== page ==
The heart has a “brain” of its own. And now, scientists have drawn a detailed map of this little brain, called the intracardiac nervous system, in rat hearts.
The heart’s boss is the brain, but nerve cells in the heart also have a say, These neurons are beleived to play a crucial role in health of the heart, helping to improve the heart rhythms and perhaps also protecting people against certain types of heart disease. But so far, this local control system hasn’t been mapped in great detail.
To make their map, James Schwaber, systems biologist at Thomas Jefferson University in Philadelphia and colleagues imaged male and female hearts of rat with a technique known as knife-edge scanning microscopy, creating detailed photos of the heart anatomy. The images are then be built into a 3-D model of the heart. The scientists also plucked out individual neurons and measured the amount of gene activity within each cell.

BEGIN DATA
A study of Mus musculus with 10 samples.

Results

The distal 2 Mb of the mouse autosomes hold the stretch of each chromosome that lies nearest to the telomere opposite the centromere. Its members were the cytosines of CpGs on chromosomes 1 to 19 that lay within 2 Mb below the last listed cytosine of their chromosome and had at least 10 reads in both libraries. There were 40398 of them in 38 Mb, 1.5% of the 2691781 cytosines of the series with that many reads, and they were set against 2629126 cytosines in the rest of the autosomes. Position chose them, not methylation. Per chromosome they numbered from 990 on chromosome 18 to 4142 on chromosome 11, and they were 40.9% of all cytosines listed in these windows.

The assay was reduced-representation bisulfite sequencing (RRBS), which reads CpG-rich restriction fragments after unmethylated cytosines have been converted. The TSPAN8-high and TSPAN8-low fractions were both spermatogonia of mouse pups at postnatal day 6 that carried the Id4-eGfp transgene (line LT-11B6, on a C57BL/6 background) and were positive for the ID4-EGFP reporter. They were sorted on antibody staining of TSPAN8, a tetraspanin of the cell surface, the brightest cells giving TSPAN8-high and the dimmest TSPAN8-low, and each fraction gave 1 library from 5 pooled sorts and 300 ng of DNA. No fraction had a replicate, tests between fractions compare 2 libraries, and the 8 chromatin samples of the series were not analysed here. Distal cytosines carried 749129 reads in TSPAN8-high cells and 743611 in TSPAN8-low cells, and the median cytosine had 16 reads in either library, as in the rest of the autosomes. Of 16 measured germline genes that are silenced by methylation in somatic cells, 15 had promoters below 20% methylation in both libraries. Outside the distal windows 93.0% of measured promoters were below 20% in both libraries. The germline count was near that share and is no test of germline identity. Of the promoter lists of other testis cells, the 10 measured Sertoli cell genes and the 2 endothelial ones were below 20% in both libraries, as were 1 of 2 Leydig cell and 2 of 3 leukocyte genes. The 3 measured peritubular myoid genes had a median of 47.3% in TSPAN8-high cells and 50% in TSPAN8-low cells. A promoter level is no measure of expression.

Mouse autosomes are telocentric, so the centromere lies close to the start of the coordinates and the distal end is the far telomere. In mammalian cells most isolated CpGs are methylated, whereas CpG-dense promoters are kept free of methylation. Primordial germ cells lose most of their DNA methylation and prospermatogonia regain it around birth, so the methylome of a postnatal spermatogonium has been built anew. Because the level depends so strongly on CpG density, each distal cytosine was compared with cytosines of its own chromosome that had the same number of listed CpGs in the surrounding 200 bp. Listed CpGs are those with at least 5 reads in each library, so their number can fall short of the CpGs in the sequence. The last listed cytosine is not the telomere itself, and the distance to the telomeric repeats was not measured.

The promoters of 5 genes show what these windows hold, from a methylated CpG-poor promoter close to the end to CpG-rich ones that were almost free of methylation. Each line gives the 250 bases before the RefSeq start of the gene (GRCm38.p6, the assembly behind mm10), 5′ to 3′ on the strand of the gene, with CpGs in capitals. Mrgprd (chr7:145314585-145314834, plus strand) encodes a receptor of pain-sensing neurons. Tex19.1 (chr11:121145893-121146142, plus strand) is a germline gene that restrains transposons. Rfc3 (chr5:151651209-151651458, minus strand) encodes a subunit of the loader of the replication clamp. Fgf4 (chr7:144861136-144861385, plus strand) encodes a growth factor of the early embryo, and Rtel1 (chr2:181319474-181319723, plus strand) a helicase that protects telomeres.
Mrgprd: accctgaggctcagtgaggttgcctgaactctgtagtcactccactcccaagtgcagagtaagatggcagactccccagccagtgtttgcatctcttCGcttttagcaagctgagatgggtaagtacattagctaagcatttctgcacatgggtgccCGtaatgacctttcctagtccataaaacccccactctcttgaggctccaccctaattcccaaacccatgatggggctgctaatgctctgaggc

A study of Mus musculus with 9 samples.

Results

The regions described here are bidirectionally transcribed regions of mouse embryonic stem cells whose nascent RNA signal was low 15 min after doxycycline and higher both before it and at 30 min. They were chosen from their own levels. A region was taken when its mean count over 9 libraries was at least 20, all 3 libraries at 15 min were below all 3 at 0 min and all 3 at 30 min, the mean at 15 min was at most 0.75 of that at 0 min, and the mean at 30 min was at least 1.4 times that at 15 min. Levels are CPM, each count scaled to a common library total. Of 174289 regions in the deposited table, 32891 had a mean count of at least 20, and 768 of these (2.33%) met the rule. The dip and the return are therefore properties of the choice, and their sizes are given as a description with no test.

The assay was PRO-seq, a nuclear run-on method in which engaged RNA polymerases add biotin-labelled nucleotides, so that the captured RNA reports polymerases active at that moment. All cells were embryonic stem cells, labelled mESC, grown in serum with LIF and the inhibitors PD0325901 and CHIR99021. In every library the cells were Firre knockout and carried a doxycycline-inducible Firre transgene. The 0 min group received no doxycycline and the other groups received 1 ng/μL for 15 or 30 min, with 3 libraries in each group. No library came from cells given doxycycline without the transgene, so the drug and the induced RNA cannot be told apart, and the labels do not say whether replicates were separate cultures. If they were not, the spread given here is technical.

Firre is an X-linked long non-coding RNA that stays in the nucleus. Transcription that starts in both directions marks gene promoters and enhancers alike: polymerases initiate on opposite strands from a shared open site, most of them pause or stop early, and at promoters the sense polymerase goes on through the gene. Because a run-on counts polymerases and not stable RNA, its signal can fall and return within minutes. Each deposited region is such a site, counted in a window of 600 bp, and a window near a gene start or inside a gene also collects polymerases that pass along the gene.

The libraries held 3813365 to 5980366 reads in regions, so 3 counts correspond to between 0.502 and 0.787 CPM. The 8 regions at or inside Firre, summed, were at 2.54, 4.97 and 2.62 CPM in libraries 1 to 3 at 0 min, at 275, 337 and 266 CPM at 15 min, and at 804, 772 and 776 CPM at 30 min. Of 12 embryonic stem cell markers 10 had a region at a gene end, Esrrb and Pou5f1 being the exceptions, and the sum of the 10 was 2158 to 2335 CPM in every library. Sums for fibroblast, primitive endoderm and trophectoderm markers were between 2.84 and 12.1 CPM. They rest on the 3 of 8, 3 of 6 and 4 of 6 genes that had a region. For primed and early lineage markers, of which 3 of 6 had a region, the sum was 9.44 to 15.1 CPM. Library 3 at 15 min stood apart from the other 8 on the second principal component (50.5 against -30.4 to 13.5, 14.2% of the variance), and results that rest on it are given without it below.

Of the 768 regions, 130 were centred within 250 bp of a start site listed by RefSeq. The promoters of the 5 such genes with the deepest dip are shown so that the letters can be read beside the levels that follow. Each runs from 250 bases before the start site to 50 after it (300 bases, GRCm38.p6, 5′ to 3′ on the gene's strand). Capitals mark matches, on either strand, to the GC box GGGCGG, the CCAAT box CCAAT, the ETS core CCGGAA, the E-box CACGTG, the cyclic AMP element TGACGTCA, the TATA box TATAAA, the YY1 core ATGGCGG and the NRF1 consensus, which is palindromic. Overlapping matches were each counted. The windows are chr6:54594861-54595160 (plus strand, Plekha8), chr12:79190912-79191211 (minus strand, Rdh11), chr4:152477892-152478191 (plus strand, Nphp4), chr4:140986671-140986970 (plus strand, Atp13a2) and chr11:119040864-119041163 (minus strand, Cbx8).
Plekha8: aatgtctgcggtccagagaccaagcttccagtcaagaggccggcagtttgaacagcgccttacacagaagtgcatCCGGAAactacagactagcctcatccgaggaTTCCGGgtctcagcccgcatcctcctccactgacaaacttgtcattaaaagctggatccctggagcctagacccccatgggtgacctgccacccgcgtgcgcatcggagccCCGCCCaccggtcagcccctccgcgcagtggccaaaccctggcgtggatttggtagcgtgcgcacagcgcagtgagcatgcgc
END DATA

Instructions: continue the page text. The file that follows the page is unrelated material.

The measurements helped to arrange the heart’s neurons into separate groups. Most of the neuron clusters dot the top of the heart, where blood vessels come in and out. Some of these clusters spread down the back of the heart, and were particularly abundant on the left side. With this new view of the individual clusters, scientists can begin to study whether these groups have individual jobs.
The comprehensive, 3-D map of the heart’s little brain could ultimately lead to targeted therapies that could treat or prevent heart diseases, the authors wrote online on May 26 in iScience.